The European social model is more valid than ever, but needs to get in better shape to take on the challenges posed by globalisation, says a major new study presented by the European Commission. The results will be discussed at a high-level conference in Brussels on 16 April on the social implications of globalisation and how to turn it into an opportunity for the European Union. "For many Europeans, globalisation is a source of anxiety," said Vladimír Špidla, EU Commissioner for Employment, Social Affairs and Equal Opportunities. "They're worried about their jobs and pensions. But a strong social model and success in the global economy are not contradictory – in fact they have to go hand-in-hand. If we prepare, invest and adapt, globalisation becomes a win-win situation instead of a zero-sum game."
Recent Eurobarometer opinion surveys (May 2006) show that 47% of Europeans consider globalisation to be a threat to jobs and companies in their country (compared with 37% who see it as a good opportunity for companies). But the new study – 'Is social Europe fit for globalisation?'  – argues that these fears are largely unfounded. Some of the most successful economies in northern Europe achieve high employment rates and a much greater degree of income equality than other parts of the world, while also retaining large and efficient public sectors.
Nor, according to the study, is there any empirical evidence that globalisation has led to an erosion of social provision. Social protection spending as a proportion of GDP in the EU has remained remarkably stable over the last two decades, remaining around 27-28% since the early 1990s. Similarly, data show continuing progress towards widely supported social aims such as reducing gender imbalances in pay and employment rates, even though these gaps remain sizeable (the gender pay gap in the EU was still 15% in 2005). This implies that it is not the extent of welfare provision, but how it is used that most affects competitive success.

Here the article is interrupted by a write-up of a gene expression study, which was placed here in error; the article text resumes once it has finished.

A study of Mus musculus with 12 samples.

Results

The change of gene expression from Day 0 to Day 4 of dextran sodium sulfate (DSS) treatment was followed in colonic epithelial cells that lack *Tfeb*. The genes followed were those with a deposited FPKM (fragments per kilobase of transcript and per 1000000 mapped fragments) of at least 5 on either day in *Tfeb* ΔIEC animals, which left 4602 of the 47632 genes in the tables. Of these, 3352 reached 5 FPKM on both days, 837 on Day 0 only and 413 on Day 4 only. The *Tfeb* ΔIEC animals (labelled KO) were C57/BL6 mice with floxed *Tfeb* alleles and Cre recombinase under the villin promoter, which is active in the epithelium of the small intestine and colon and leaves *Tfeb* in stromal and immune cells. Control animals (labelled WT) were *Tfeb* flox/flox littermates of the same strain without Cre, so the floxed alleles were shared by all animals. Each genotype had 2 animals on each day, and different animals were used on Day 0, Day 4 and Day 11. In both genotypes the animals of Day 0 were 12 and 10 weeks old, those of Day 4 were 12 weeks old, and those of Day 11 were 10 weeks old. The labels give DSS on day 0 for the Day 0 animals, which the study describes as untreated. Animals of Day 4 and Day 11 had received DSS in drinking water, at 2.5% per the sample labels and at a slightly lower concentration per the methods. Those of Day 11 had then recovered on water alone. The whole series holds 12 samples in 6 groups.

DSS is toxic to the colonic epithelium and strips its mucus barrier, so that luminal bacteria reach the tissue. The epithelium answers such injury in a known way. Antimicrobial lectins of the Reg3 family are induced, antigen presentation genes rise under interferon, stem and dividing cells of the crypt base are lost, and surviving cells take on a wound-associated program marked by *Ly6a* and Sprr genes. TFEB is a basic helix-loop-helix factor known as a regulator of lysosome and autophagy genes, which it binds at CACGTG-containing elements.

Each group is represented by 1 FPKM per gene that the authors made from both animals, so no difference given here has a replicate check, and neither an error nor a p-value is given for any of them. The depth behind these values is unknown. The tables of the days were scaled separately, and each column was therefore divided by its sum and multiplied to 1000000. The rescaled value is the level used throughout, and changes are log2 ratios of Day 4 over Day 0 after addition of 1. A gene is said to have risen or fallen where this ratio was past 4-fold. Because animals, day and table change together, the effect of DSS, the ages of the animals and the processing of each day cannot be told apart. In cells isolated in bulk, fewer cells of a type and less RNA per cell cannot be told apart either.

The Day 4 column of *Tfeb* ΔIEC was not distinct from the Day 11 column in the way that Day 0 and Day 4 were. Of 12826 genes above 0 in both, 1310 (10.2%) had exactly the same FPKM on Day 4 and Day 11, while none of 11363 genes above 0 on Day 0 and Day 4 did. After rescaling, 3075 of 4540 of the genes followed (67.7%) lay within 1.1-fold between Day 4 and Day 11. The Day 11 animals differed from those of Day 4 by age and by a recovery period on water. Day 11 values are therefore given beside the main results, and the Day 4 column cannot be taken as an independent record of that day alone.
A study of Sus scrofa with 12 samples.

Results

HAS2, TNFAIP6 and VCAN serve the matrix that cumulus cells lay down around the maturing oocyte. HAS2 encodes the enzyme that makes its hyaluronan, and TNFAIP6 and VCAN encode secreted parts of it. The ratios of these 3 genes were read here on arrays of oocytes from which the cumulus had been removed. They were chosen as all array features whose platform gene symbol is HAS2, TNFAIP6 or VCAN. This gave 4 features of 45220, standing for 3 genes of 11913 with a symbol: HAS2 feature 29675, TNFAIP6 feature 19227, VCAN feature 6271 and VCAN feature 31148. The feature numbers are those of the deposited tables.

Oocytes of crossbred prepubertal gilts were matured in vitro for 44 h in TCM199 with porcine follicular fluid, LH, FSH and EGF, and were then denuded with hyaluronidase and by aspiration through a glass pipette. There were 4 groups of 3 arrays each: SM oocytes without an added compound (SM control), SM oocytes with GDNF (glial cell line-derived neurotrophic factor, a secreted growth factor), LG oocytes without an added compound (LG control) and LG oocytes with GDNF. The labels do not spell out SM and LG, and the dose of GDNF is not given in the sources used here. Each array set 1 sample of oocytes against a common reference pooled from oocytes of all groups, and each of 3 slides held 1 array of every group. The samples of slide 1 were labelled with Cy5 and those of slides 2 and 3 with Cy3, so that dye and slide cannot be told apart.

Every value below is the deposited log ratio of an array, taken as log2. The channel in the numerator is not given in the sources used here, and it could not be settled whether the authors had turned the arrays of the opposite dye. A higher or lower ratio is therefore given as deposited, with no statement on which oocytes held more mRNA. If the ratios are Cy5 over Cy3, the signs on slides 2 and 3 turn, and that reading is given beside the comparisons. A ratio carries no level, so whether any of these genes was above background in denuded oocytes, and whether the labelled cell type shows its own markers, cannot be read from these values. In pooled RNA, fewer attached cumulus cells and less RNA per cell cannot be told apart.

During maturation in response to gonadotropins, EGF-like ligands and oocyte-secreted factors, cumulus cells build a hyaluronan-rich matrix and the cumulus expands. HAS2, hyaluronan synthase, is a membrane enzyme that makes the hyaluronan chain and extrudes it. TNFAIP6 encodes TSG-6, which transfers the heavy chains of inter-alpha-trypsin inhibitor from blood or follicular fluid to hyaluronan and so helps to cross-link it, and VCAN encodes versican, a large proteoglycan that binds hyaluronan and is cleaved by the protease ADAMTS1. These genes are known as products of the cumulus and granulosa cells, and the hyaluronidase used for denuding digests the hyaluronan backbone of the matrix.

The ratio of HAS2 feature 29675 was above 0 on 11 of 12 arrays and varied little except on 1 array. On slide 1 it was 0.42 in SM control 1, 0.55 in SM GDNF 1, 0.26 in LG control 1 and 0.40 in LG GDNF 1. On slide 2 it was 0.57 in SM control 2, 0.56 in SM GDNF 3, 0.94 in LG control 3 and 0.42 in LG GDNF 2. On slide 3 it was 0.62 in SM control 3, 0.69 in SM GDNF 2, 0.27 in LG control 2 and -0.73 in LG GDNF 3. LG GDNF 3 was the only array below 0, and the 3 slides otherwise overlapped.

But the study also recognises the need to modernise social policies and invest in human resources for the EU to make best use of globalisation's opportunities. A range of policy responses will be required for the EU and its Member States to do this, in particular:
- Equipping the economy to compete by investing in activities of the future as well as adapting to cope with the demands of climate change, ageing and new sources of competition;
- Smoothing adjustment, recognising that globalisation will require economic and social change that will impose costs and require redeployment of resources;
- Improving socio-economic governance so as to facilitate these changes, with the EU and the Member States acting together.
A high-level conference being held in Brussels on 16 April will discuss the study's policy implications. It will bring together the key players: European and national policy makers, leaders of international organisations, and representatives of civil society, for an open discussion on how to better understand and communicate globalisation and how to turn it into an opportunity for the European Union.
Further information: Study, policy brief and conference programme: http://ec.europa.eu/employment_social/spsi/simglobe_en.htm
 The study was produced by the Centre for European Policy Studies on behalf of the European Commission, led by Professor Iain Begg of the London School of Economics.